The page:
Poppity pop pop pop!!!

Way back in prehistory, we–that is, The Wife and I–decided that our love of popcorn needed to be treated more seriously, so we took our leave of the microwave popcorn that had been our main means of popcorn consumption for years and years. So it was that a little more than 12 years ago, we bought a corn popper and returned to the popcorn recipe of yore: corn, oil, salt, and butter. And it was good!

Until last year when the bowl for our popper broke. It had been sporting a crack for a while, a crack which slowly lengthened until it rendered the bowl unusable. We looked online for a replacement bowl, and while we did find them, they were almost the cost of a new popper. Now, a new popper wouldn’t really cost much at all–around $30 or $40, probably–but at this point I got even more analogue in my approach to popcorn. Why get a big unitasker appliance for something I could make using stuff I already owned?

For this attitude, I blame Alton Brown. Here he is, demonstrating his popcorn method in a video he made at the beginning of the pandemic. (Aside: I loved the “Pantry Raid” videos he made in 2020 and I wish he’d do more. Brown seems to tire quickly of specific formats and projects, though.) I’ve basically adapted Brown’s method to my needs, using not a steel mixing bowl but my wok.

I put in a few tablespoons of peanut oil, and then three-quarters of a cup of corn…

Then, on goes the lid and I give the whole works a shake or two every little bit or so, maybe twenty or thirty seconds. (Oh, medium heat.) Gradually the heat builds up and the popping starts!


And…the result!


(Those last two images are videos. I haven’t figured out how to embed video content from Flickr yet, so bear with me.)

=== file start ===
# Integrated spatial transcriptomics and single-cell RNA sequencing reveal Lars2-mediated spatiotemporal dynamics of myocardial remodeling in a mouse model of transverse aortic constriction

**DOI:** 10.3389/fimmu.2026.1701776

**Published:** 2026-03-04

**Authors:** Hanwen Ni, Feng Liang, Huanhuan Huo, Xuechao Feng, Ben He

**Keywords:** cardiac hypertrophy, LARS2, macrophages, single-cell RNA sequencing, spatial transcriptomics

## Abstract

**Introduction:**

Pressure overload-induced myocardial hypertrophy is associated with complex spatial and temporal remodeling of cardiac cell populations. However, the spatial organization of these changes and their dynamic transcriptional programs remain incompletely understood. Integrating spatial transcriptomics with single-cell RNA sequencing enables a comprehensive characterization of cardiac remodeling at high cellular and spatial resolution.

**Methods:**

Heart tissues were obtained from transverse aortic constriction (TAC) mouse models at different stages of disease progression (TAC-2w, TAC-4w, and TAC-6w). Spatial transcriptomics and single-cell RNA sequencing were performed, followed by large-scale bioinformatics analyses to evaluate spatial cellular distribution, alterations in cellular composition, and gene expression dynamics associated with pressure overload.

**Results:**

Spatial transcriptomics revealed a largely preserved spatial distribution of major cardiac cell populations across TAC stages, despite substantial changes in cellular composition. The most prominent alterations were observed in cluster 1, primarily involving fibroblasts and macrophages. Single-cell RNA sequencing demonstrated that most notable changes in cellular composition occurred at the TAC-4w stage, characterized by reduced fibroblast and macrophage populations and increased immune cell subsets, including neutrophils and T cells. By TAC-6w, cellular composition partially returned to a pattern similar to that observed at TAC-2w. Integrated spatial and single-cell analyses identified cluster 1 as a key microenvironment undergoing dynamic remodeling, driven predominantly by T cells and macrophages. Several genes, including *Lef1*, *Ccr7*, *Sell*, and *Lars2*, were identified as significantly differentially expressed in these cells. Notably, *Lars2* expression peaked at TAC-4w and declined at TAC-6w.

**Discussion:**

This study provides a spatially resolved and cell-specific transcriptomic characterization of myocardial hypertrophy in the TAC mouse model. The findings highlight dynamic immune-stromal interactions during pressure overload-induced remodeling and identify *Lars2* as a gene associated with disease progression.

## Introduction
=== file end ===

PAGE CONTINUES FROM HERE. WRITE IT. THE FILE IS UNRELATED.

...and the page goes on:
The wok’s shape does the same thing as Mr. Brown’s mixing bowl: as the corn pops the popped pieces move off to the sides, while the heat concentrates on the kernels at the bottom. Brown would probably say that this method doesn’t allow enough steam to escape from the wok during popping, but I’ve honestly never really seen steam as an impediment to yummy popcorn.

Unlike Brown, who doesn’t like adding fat at the end of the popping process, I am a big fan of melted butter. I probably put too much butter on the popcorn, but…nah. “Too much butter” does not compute. Add a few generous shakes of sea salt (in his Good Eats episode on popcorn, the method of which the newer video is a refinement, Brown says at one point, “Few things you can put in your mouth are more disappointing than saltless popcorn”), and we’re ready for snacking!

Mr. Brown likes to put the salt in with the corn during popping, which I have tried, but I’ve never been in love with the results, so I don’t do this. I also haven’t tried his sprinkle-on seasonings like nutritional yeast, furikake, or sprinkly cheese. I do want to try popping the corn in ghee, because I’m curious about the result. I’ve never done anything with ghee before, though. I’ve also popped corn in coconut oil, and that does lend a bit of decadent mouthfeel to the proceedings.

If you’re wondering what kind of popcorn I use, I’m not brand-loyal, in all honesty. I’ll buy the store brand, or Jolly-Time. I also like to get different varieties from the local farmers markets, though those kinds of popcorn can be a bit more temperamental in the popping, resulting in more unpopped kernels and smaller popcorn bits.